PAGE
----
LEO Satcom


Let's start with some definitions, which may be subject to change.

LEO satellites are positioned at an altitude between 160 km and 1,600 km (100 and 1,000 miles) above Earth.  The International Space Station is 409 km (254 miles) above Earth, what could go wrong?

MEO satellites operate from 10,000 to 20,000 km (6,300 to 12,500 miles) above Earth.

GEO (geostationary or geosynchronous orbit) satellites are 35,786 km (22,236 mi) above Earth.  

When we way "Earth" in this context we are talking about mean sea level.

All that talk about Earth means it's time to review some footage of Earth.

Note that the first satellite collision happened in 2009, so there is already a lot of space debris.  Each collision incerases the odds of another collision, and it is possible that we end up destroying our ability to use Earth orbit for anything.  Read about the Kessler Syndrome here. As Einstein put it, “I do not know with what weapons World War III will be fought, but World War IV will be fought with sticks and stones.”

Update April 2023: There's a nice summary of the current space debris situation over at the EcoWatch site, including references to several companies trying to find solutions to the problem. Thanks to Annie for pointing it out to us.

Right now (as of January 2020), Starlink, a project by SpaceX, has begun to assemble, with 182 satellites in place so far of a projected 12,000.  While Starlink is the first project of this size, it isn't the first LEO constellation.  Globallink and Iridium both started launching satellites into LEO in 1998, with a total of fewer than 200 satellites between them. The video below will give you an idea of the scale of the Starlink project:


Obviously this animation exaggerates the size of the satellites. Each one is rather flat at about 2.4 meters by 1.1 meter (8 ft by 3.5 ft) and weighs around 260 kg (just under 575 pounds).  This is quite small by satellite standards, which is why they can launch them by the dozens. Once they're in place - at about 550 km up - you won't actually be able to see them from Earth without a telescope. There's well-founded concern about the amount of space junk already in orbit around our planet, and what impact adding another 12,000 objects into our night sky over the next few years will have. There is also quite a bit of concern among astronomers that you'll see the glare from the reflections off the solar panels and that glare will interfere with scientific studies of our universe.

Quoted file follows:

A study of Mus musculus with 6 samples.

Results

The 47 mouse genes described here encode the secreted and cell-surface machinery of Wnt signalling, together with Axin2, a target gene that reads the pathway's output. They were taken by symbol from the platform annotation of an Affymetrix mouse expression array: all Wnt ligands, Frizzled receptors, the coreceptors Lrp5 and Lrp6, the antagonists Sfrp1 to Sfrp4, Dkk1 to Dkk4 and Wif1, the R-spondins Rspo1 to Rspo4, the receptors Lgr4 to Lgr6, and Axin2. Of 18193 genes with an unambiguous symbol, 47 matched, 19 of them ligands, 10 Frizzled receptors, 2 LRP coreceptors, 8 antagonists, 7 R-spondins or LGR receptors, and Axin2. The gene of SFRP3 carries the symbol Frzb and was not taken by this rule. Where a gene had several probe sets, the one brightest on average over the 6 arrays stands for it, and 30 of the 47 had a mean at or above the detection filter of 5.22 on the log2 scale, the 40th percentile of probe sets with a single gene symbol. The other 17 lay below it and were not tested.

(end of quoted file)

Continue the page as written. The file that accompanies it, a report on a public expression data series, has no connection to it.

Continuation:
Starlink isn't the only "constellation" in progress - there have been announcements by OneWeb, Samsung, Telesat, and even Amazon (who plans to put up 3200 satellites, assuming they get permission from the FCC).


Notice that this is not electronically scanned.  That would cost too much!

One of the main attractions for LEO satcom is low latency because of that pesky speed limit in the universe.

Will the GEO satellites become obsolete?  Not for a long time, there is a lot of inferastructure built up around GEO.

But your signal's trip to GEO and back use up a large fraction of a second.  If you are a Wall Street tycoon, you'd pay anything to have a fraction of a second advantage over your competitors. Back in 2011, shaving 5 milliseconds off a transatlantic cable was big news.